Friday, December 30, 2005

September 21, 1942 archives: Ki's son Ken

One Japanese who has good reason to loathe Japan's ruling militarists is handsome Ken Inukai, 53, four times a Diet member. In 1932 a group of young officers murdered his 77-year-old father, Premier Ki Inukai, potent Seiyukai Party leader, whose wily political opportunism brought him the nickname "The Old Fox."

It was among the most revolting of the many assassinations by which the militarists worked for power against Japan's financial and political oligarchy. The murderers broke into the Premier's official residence toward the end of a bland spring afternoon, found him at ease with his daughter-in-law, her two children and a family friend. Two officers slammed bearded, aging little Ki Inukai against a wall while others raised their pistols. "Please don't shoot," he begged. "Maybe we can settle this." Two bullets drilled his head.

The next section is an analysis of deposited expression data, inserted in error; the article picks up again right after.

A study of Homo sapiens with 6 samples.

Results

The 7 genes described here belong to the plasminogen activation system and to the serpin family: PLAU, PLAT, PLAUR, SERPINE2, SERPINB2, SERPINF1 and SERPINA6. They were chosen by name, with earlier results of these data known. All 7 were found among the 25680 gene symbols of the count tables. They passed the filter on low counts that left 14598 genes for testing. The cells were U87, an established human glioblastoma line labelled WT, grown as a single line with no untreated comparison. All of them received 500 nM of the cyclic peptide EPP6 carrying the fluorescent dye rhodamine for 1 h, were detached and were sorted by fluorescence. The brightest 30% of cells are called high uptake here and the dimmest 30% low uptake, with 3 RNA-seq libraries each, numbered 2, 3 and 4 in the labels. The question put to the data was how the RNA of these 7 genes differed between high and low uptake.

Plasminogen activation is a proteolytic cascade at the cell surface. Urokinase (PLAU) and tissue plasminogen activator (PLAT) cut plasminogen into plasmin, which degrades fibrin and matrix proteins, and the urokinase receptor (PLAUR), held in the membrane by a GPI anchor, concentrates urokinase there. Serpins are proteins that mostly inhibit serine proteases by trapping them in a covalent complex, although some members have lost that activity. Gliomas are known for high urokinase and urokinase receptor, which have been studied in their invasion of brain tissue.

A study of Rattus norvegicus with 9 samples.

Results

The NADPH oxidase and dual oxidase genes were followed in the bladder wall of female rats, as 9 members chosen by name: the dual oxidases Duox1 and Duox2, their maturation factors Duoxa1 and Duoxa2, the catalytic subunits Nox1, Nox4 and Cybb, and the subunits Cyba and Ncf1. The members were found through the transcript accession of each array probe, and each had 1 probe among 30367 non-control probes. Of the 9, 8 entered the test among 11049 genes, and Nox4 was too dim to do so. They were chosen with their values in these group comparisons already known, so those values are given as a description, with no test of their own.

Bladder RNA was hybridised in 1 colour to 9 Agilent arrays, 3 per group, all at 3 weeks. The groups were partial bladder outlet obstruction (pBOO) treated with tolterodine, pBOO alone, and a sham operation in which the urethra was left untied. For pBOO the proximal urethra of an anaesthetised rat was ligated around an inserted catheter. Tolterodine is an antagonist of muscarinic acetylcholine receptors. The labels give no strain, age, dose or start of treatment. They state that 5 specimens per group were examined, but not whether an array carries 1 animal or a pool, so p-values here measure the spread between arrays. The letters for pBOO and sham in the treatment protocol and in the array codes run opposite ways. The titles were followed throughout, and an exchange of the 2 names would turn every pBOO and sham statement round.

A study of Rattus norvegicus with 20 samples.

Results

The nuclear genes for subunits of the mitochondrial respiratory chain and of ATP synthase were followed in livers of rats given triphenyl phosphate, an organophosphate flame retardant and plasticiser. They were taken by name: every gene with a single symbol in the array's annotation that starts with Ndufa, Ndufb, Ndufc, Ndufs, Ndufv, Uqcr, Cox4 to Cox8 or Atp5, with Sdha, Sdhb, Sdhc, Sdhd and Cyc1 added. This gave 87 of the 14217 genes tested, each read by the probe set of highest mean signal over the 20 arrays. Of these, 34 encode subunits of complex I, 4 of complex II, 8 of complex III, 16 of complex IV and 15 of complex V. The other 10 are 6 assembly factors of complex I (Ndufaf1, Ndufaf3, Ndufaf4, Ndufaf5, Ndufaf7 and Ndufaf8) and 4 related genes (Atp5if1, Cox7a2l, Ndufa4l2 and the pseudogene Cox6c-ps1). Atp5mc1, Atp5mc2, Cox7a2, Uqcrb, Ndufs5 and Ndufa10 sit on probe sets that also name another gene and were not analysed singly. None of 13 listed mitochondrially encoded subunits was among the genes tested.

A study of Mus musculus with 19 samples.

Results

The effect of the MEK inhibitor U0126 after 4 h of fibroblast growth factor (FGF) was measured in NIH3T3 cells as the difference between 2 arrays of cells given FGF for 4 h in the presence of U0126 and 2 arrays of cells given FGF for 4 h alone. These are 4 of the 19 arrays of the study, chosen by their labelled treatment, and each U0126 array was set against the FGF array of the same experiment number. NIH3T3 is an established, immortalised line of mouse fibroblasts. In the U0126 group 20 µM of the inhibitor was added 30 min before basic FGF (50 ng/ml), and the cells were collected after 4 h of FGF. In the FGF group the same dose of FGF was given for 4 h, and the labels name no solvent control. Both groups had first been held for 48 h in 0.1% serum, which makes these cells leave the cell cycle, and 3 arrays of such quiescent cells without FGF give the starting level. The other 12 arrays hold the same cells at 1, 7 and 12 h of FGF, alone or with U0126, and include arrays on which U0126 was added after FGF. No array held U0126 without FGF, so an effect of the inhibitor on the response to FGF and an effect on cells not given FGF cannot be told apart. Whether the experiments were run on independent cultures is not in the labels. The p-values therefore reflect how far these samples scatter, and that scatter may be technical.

Last week the world heard reports that the Premier's son Ken had been trying to do as he had been done by. The unconfirmed reports came from the Korean underground by way of Kilsoo K. Haan, Washington agent of the Sino-Korean People's League. They said that Ken Inukai was in a Japanese jail charged with aiding the attempted assassination (TIME, Aug. 24) of Premier General Hideki Tojo and onetime (1936-37) Premier Koki Hirota, a leader of the sinister militaristic Black Dragon Society. Ken Inukai was also charged with aiding Eurldan, a Korean terrorist group. The charge was that he had helped Eurldan to derail an express 100 miles from Tokyo, thereby badly injuring Navy Minister Admiral Shigetaro Shimada and Captain Fritz Wiedemann, onetime German Consul General in San Francisco.